The Story of J.P. Morgan, the Most Powerful Bank in America
On this day in economic and business history ...
Like many aspiring bankers of the mid-19th century, young John Pierpont Morgan got into the business of finance with the help of some old-fashioned family connections. From 1857 through 1871, J.P. Morgan worked his way up through the industry, first as a representative of his father's London-based firm, then as an independent agent for that firm under a self-named company. In 1864, the younger Morgan joined with Charles Dabney to form Dabney, Morgan, & Co., where he would remain for seven years.
It was on June 30, 1871, that J.P. Morgan finally moved on to form the bank that would bear his name for more than a century. Dabney, Morgan, & Co. was dissolved and replaced by Drexel, Morgan & Co., a partnership Morgan had formed with Philadelphia banker and Drexel University founder Anthony J. Drexel. This bank is the one from which today's JPMorgan Chase traces its most direct lineage, even though the Chase half of the megabank actually predates Morgan's firm by four decades.
Morgan's merchant bank was initially meant as a conduit for wealthy Europeans to invest in American business interests. This deep early connection to European interests would be of lifelong benefit to Morgan, whose occasional efforts to save America's gold-backed financial system in the days before the Federal Reserve were bolstered -- particularly in the Panic of 1893's aftermath -- by connections in Europe who would supply vital liquidity at his request.
Despite his pivotal role in stemming the panic, Morgan's firm did not escape the financial crash, and in 1893, Drexel, Morgan recorded its first million-dollar loss. Two years after the Panic (and the death of Drexel), Morgan changed his bank's name to simply J.P. Morgan & Co. This bank, "The House of Morgan," would be John Pierpont's base of operations during the most legendary stretch of banking power, wielded by only one man, that the United States has ever seen.
The first Morgan megadeal actually took place in 1892, when he brought Thomas Edison's company together with several other leading electric ventures to form General Electric . Morgan's greatest triumph came in 1901, when he formed U.S. Steel , the first billion-dollar company in American history. A year later, Morgan merged farm-implement pioneer McCormick with other agricultural equipment companies to create International Harvester, the predecessor of Navistar. All three of these companies held spots on the Dow Jones Industrial Average for decades at a time, which -- when including JPMorgan Chase itself -- makes J.P. Morgan the only businessman in American history directly responsible for the creation of four Dow components, past or present.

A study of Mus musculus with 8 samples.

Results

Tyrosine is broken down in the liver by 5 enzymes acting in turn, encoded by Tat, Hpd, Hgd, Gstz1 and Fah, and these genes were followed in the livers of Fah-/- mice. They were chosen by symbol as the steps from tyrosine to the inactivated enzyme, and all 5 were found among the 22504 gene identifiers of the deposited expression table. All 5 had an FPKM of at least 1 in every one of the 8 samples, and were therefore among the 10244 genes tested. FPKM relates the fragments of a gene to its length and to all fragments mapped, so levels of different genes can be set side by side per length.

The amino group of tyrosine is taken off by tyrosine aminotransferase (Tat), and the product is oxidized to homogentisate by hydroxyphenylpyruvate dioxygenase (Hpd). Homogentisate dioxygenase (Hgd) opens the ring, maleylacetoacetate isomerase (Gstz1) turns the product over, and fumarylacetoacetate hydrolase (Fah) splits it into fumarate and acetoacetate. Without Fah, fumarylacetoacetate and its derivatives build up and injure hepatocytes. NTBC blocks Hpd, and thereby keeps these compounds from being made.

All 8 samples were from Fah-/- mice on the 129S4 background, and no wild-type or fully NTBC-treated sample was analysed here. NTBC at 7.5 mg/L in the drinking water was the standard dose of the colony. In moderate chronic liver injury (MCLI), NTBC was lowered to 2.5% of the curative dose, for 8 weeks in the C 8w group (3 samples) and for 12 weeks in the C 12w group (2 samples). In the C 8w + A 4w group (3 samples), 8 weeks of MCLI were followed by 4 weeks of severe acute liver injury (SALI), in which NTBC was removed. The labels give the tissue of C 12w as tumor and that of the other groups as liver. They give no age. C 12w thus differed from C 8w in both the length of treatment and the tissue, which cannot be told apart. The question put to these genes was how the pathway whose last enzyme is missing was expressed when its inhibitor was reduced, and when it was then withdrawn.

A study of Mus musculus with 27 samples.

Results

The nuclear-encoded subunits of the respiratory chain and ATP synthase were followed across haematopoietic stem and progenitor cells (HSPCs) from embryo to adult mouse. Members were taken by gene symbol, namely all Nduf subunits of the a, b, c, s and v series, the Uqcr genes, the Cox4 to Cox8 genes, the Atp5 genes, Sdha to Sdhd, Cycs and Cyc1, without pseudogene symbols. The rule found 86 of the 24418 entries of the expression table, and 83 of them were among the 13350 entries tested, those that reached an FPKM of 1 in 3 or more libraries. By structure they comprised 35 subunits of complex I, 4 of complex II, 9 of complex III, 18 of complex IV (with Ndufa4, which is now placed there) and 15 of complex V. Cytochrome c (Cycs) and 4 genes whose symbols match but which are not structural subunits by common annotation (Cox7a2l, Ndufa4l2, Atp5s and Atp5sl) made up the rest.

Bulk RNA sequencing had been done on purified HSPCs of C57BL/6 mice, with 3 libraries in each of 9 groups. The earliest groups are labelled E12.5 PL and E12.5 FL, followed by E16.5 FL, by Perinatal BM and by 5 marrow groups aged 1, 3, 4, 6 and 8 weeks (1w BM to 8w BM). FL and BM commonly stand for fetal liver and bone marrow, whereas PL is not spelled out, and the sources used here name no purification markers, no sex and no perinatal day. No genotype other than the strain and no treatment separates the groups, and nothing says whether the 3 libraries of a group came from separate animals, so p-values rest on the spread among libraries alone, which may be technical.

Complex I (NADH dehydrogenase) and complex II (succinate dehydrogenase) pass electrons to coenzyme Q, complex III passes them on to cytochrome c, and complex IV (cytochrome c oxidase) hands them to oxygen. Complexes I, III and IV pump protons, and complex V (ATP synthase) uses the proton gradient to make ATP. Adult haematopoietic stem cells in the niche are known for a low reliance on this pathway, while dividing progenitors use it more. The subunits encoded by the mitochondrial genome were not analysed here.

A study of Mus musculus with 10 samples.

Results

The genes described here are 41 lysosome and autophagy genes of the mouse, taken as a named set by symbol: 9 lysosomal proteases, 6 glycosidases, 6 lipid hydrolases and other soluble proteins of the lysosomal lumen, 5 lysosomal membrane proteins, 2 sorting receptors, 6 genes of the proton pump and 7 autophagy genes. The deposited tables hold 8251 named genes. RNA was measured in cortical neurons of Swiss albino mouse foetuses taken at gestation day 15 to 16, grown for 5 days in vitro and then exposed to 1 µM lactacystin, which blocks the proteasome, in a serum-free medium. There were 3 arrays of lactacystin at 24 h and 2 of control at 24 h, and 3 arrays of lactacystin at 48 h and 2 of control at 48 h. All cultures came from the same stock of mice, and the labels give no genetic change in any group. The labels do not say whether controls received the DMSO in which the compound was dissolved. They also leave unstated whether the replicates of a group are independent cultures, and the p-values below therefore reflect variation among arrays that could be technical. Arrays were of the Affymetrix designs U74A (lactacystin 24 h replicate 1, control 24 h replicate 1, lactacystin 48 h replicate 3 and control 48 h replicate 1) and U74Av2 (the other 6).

It's also particularly notable that Morgan is responsible for creating two of the world's largest companies. U.S. Steel's billion-dollar market cap gave it a huge head start over its peers, and GE had a five-year run on top of the corporate world from 1993 to 1998.
Morgan also played a pivotal role in creating the Federal Reserve. As a "Fed of one," Morgan is virtually singlehandedly credited with stemming the Panic of 1907. His actions during the crisis included a last-minute buyout of Tennessee Coal Iron and Railroad by U.S. Steel that avoided a cascading chain reaction of brokerage bankruptcies -- the Lehman Brothers of 1907 was significantly overextended on Tennessee stock. This effort, ramrodded through antitrust concerns thanks to President Theodore Roosevelt's reluctant pledge of immunity, is generally seen as the move that ended the crisis.
Morgan's advanced age, combined with his unprecedented degree of influence, made many on Wall Street and Washington realize that there had to be a more reliable backstop to the financial system. Six years later, the Federal Reserve was formed. Morgan died the same year, leaving behind a legacy of financial modernization and lumbering megacorporations that would define American business before the onset of the Great Depression. Morgan left behind an estate worth about $80 million (equal to nearly $2 billion today), and on hearing of this sum, oil baron John D. Rockefeller was heard to quip, "and to think, he wasn't even a rich man."
J.P. Morgan & Co. continued to thrive after Morgan's death, as John Pierpont Morgan Jr. stepped into leadership of his father's bank. Under Junior's leadership, the Morgan bank became a major financier of World War I, and after the war it assumed management of Germany's reparation payments. The Great Depression and the subsequent sweeping financial reforms implemented during President Franklin D. Roosevelt's first term severely eroded J.P. Morgan & Co.'s power, particularly once the Glass-Steagall legislation forced it to get out of the investment-banking field. This led to the creation of Morgan Stanley by J.P. Morgan's grandson Henry Morgan and former Morgan investment banker Harold Stanley in 1935. The new investment bank immediately became a major player on Wall Street, gobbling up a quarter of the entire industry's business during its first year.
The J.P. Morgan name was abandoned in the 1950s in favor "Morgan Guaranty Trust." The bank used this name until 1988, and by the late '90s J.P. Morgan had built itself into a respectable (but not dominant) bank with a sterling brand. The merger that re-established J.P. Morgan as the leading name of its industry took place in 2000, when Chase Manhattan merged with the House of Morgan to create JPMorgan Chase. It is now the largest bank by assets in the world.